The motor industry, represented by the National Electrical Manufacturer’s Association (NEMA), continues to expand motor scope and improve electric motors. Since the early days of the Energy Policy and Conservation Act (EPCA), the electric motor has played a key role in providing a catalyst of energy savings options. In the late 1980s, NEMA worked directly with the American Council for an Energy Efficient Economy (ACEEE) to draft legislative language providing direction to the secretary of energy to create the first ever motor efficiency rule.
NEMA has diligently moved forward, expanding the scope of covered motors from what was first defined in the Energy Policy Act of 1992 (EPAct) to the Energy Independence and Security Act (EISA) to add additional motors covered from general purpose to Type 1 and 2, while also increasing the required efficiency level from levels defined in NEMA MG 1, Table 12-11 (Energy Efficient) to NEMA Table 12-12 (Premium Efficient) for 1 horsepower to 500 horsepower general purpose motors.
The results of NEMA’s efforts have placed the U.S. motor efficiency standards 20 to 25 years ahead of European motor standards that will be implemented in 2015 and 2017. One might think this track record of success would be sufficient—not for the NEMA motor generator section. The members have maintained an ongoing dialogue with ACEEE, which has helped add other stakeholders to the motor efficiency discussion. This relationship has resulted in the formation of the Motor Coalition, made up of the NEMA motor generator section, ACEEE and several other environmental groups focused on improving the efficiency of motors and motor-driven systems in the U.S.
The evolution of motor efficiency rules prompted additional support for a study recently completed by researchers within the Engineering Systems Division (ESD) at the Massachusetts Institute of Technology (MIT). Polyphase electric motors are responsible for an estimated 50 percent of global electricity usage, most significantly driving pumps, fans, compressors and other mechanical traction equipment. The International Energy Agency (IEA) estimates that 7 percent of global electricity demand could be saved through the use of higher energy efficiency motors. Limited research had previously been reported on the carbon footprint quantification and methodology development for motor products.
The NEMA members of the Motor & Generator Section (1MG) took part in this MIT ESD study to better understand and evaluate the electric motor’s carbon footprint. The study’s determination that 99.8 percent of electric motors’ greenhouse gas (GHG) impact is in the use stage confirmed the need for NEMA to continue programs supporting the application, design and selection of motors and motor-driven systems as a leading method of reducing GHG in the industrial and commercial market segments. The study determined that the GHG impact in the production of electric motors was 0.2 percent.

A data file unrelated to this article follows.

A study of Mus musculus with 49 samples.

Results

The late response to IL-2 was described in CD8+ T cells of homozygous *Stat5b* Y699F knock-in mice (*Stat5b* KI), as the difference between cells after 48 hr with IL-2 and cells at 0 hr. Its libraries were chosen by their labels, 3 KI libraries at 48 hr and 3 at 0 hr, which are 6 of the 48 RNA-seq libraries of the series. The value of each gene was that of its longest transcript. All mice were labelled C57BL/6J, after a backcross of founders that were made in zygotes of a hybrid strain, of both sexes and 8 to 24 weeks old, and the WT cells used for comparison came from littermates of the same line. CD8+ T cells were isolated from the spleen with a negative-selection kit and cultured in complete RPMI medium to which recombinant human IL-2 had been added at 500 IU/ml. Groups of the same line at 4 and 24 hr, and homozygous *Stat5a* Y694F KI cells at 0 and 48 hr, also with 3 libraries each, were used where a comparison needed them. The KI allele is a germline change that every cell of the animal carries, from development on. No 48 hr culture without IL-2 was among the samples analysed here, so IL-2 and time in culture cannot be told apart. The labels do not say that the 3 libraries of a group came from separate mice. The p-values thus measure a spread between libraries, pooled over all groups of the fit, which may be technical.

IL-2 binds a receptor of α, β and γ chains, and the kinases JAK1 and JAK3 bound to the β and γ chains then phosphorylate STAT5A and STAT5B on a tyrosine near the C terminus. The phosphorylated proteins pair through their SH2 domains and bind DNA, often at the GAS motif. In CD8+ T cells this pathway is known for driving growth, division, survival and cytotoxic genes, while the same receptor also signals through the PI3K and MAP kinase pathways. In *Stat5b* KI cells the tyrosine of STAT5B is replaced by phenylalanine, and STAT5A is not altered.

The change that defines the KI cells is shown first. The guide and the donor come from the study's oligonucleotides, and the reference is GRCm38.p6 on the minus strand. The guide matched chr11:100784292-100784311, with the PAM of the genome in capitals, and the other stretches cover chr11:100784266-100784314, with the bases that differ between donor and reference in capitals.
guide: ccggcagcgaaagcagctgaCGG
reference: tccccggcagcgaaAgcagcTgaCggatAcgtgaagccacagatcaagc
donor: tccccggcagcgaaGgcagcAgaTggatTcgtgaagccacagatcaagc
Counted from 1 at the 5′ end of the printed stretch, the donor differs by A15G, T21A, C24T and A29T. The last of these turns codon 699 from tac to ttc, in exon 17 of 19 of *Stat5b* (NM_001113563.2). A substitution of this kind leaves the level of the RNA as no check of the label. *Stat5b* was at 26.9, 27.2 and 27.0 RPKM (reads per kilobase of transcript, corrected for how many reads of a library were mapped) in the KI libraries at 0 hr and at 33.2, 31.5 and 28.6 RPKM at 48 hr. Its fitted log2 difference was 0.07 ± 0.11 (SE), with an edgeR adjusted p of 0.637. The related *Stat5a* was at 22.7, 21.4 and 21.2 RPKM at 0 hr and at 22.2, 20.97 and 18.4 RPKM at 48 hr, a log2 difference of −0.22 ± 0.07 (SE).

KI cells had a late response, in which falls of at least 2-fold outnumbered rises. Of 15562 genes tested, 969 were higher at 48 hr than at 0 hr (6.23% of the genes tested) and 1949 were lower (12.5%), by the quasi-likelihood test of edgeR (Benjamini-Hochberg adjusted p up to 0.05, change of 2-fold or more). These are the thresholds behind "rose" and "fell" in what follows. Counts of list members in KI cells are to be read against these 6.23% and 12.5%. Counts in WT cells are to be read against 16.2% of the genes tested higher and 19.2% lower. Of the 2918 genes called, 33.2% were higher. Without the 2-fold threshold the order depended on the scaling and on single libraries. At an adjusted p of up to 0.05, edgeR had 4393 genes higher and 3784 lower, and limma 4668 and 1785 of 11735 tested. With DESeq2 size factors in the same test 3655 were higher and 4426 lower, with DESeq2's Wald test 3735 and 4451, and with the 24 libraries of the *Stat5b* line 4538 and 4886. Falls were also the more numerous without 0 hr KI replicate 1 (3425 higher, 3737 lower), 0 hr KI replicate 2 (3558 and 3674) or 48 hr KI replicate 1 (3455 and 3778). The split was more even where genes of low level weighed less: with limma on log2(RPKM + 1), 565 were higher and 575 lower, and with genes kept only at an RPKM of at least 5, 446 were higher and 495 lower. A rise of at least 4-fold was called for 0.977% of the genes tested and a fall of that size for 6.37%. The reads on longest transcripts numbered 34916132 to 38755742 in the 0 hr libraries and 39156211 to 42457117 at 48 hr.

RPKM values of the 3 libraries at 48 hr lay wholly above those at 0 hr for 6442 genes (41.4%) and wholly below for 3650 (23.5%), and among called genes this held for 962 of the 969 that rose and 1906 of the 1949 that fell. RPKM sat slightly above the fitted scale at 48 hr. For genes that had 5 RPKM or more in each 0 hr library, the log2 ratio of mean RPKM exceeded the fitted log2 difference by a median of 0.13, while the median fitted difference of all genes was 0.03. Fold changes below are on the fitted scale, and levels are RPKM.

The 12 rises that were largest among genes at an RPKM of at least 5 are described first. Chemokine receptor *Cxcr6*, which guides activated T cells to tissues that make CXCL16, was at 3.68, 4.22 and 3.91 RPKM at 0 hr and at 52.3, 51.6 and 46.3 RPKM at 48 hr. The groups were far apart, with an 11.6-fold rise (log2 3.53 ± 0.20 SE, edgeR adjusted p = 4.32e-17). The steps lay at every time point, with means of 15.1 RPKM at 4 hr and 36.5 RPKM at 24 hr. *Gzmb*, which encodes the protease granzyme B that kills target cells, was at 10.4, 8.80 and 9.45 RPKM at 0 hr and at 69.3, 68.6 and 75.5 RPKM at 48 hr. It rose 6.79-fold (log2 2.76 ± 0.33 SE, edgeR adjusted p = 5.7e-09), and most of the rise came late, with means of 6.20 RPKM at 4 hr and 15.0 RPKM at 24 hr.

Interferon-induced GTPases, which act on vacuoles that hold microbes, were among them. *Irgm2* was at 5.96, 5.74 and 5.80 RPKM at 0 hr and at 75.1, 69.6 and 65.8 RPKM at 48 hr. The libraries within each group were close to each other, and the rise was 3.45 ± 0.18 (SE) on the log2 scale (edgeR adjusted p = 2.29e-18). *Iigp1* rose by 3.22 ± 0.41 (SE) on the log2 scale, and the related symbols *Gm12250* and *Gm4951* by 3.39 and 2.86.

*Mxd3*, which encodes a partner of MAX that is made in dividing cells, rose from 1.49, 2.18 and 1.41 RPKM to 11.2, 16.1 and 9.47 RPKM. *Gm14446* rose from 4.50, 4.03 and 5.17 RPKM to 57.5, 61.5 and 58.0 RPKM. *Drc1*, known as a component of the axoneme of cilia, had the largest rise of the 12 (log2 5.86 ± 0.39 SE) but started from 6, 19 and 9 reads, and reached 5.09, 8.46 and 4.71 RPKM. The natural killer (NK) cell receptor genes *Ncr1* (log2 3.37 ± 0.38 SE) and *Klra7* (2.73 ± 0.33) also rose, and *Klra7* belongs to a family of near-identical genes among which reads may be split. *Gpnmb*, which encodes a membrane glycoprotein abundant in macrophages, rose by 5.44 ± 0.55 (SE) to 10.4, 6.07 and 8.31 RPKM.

The NEMA Motor Generator section concluded that changes to the current federal motor efficiency regulations could be made to save additional energy through the use of NEMA Premium motors. NEMA estimates that the present federal rules cover slightly more than one third of the industrial and commercial polyphase motors currently sold in the U.S. as finished goods or imbedded in equipment.
NEMA evaluated the 1-horsepower to 500-horsepower market for motors sold in the U.S. In its evaluation, NEMA used data available from IMS consulting and the U.S. Commerce Department and valuable insights from other members of the Motor Coalition. The resulting view of the market showed that a significant number of polyphase motors were not currently covered. These products included categories, such as:
- Partial motors
- Gear motors
- Close-coupled pump motors
- Vertical, immersible, definite and special-purpose motors
The inclusion of these motor categories at the NEMA Premium efficiency levels was determined to add approximately 30 million connected horsepower to the already regulated 20 million connected horsepower. NEMA estimated that this change would save America 5.3 terrawatt-hours per year.
Motor Coalition Evaluation
The Motor Coalition next evaluated an “expanded product scope” concept to look at the potential energy savings and assess any performance or application risks that may befall motor users. Two points—performance and physical size—were reviewed.
Performance needs required that the expanded product scope be completed so that motors could maintain their electromechanical functionality. Motor users were concerned that increases in motor efficiency would change the performance and force the retrofit market to find alternatives to the higher efficiency motors. Second, the original equipment manufacturers (OEMs) and end users were concerned that increases in efficiency would force the motor suppliers to jump one frame size or add significant length to accommodate the additional copper, steel and aluminum needed to increase the motors’ efficiency, rendering the motor unusable in their applications.